Dalradian refuses permission for Co Tyrone Mass Rock service
A Canadian gold mining firm has refused to give permission for a service at a historical Mass rock on the site of a proposed mine processing plant in the Sperrin Mountains.
Local priest Fr John Forbes said he has written to Dalradian Gold asking for permission to say Mass at the site at Greencastle in Co Tyrone as part of the Catholic Church's Year of Mercy.
The Mass rock, which is in an area known as Crockanboy Hill, is believed to date back to the penal laws when Catholics were forced to practice their faith in secret.
Mass rocks hold a special place in the communities where they are located because of the religious persecution associated with them.
Fr Forbes said he was told about the Mass rock when he came to the area.
Set on an isolated hillside, over the years the large sacramental stone has been partially swallowed up by the undergrowth.
Details of the refusal to allow locals access to the rock emerged as Greencastle residents revealed plans to hold a ‘walking Rosary’ in the area this weekend.
Dalradian wants to build a processing plant at the site that will use the potentially toxic chemical cyanide to extract gold from ore that the firm intends to mine locally.
Some local people are opposed to both the mine and the proposed processing plant and fear that if authorities give permission for the plant the ancient Mass rock may be submerged in a pond.
A Dalradian map shows a pond in the area around the processing plant, which locals say will cover the Mass rock.
Fr Forbes, who is parish priest at Badoney Lower, said he wrote to the firm on behalf of himself and Fr Edward Gallagher, who is the parish priest in Greencastle.
Fr Forbes said the mining controversy has “caused difficulties within most parishes and divisions among people”.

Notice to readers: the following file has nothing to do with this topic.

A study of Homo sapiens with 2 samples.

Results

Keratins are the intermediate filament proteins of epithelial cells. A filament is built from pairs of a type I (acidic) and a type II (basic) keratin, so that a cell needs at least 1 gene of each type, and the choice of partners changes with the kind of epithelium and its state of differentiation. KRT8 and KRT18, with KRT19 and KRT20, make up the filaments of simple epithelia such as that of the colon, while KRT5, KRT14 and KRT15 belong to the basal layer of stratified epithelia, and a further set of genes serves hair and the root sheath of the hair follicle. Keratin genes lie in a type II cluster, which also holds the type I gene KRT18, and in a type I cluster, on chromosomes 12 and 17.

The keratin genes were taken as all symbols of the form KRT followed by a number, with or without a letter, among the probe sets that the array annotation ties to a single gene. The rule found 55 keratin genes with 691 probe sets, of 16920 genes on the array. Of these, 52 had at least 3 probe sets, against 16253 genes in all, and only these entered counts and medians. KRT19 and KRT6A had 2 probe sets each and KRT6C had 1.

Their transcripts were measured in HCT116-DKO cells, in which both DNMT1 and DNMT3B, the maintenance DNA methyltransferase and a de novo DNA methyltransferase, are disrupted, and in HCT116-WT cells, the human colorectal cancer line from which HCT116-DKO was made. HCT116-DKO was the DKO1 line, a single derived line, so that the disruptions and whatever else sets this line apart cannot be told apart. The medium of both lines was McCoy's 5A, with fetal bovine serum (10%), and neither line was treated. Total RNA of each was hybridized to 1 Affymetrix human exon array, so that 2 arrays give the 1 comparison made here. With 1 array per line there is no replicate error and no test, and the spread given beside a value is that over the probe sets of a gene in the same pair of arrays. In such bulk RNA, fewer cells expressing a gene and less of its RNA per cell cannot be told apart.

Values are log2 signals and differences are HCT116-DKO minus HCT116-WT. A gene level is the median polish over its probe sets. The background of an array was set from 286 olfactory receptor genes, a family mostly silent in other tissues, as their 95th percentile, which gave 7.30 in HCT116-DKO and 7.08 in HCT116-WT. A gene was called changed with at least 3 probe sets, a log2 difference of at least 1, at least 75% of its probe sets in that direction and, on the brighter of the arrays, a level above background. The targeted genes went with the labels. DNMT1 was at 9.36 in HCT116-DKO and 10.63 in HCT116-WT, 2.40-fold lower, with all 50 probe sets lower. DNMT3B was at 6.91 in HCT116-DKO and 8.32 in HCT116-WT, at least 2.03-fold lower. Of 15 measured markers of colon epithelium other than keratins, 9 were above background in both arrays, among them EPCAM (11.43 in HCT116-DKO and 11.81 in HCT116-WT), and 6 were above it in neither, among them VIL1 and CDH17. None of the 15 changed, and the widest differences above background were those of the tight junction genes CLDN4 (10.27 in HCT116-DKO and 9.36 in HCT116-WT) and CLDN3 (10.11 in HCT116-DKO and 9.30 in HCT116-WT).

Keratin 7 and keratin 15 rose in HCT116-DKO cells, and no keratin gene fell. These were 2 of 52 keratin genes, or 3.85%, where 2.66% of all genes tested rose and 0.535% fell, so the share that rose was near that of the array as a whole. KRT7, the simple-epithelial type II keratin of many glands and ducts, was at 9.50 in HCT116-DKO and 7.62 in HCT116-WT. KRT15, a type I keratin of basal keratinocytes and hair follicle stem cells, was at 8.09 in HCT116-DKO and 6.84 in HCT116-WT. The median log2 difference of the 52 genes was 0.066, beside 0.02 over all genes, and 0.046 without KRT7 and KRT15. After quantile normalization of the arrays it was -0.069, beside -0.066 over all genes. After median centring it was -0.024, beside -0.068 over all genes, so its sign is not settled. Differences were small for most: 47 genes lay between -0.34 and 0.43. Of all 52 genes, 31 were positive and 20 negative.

He said he wanted to hold Mass at the site as part of the Year of Mercy, which was launched last year by Pope Francis and comes to an end next month.
“The whole idea was to have Mass there and have Mercy and invite both sides and pray publicly for both sides,” he said.
“We put this proposal to Dalradian and they seemed to have a difficulty at the beginning.”
The priest revealed that he contacted the firm a second time several months ago.
“We just wrote back to them again and said we want a simple answer, can we have Mass there or not?” he said.
“And if we can have it, lovely, and if we can’t we will respect your decision,”
Fr Forbes said he told the firm he would need “at least a month’s notice to get it organised”.
“We have never had a reply to that email,” he said.
Local resident Francis Conway said the Mass rock has traditionally been revered by local people.
“As a child, born, reared and currently living on the Crockanboy Road, we were always taught to respect and protect our land,” he said.
“The area on the Crockanboy Hill, where the Mass rock exits, was left unharmed, regardless of the need for turf banks and how the land was farmed.
“People down through the generations valued and took pride in their history, therefore we want this area remain untouched, for our future generations to come."
Meanwhile, residents from Greencastle and the surrounding area are planning to hold a walking Rosary close to the Mass rock this weekend.
The prayer walk has been organised by local woman Michelle Dennehy who said she does not want the “Rosary to be political”.
“I wanted it to bring some people together,” she said.
A spokeswoman for Dalradian said: "The Greencastle parish website indicates that there are three Mass Rocks in the parish.
"The diocesan office confirmed to us the information on the Greencastle parish website matched their records. None of these sites are on land controlled or owned by Dalradian. We have no evidence of a Mass Rock on land owned or controlled by us."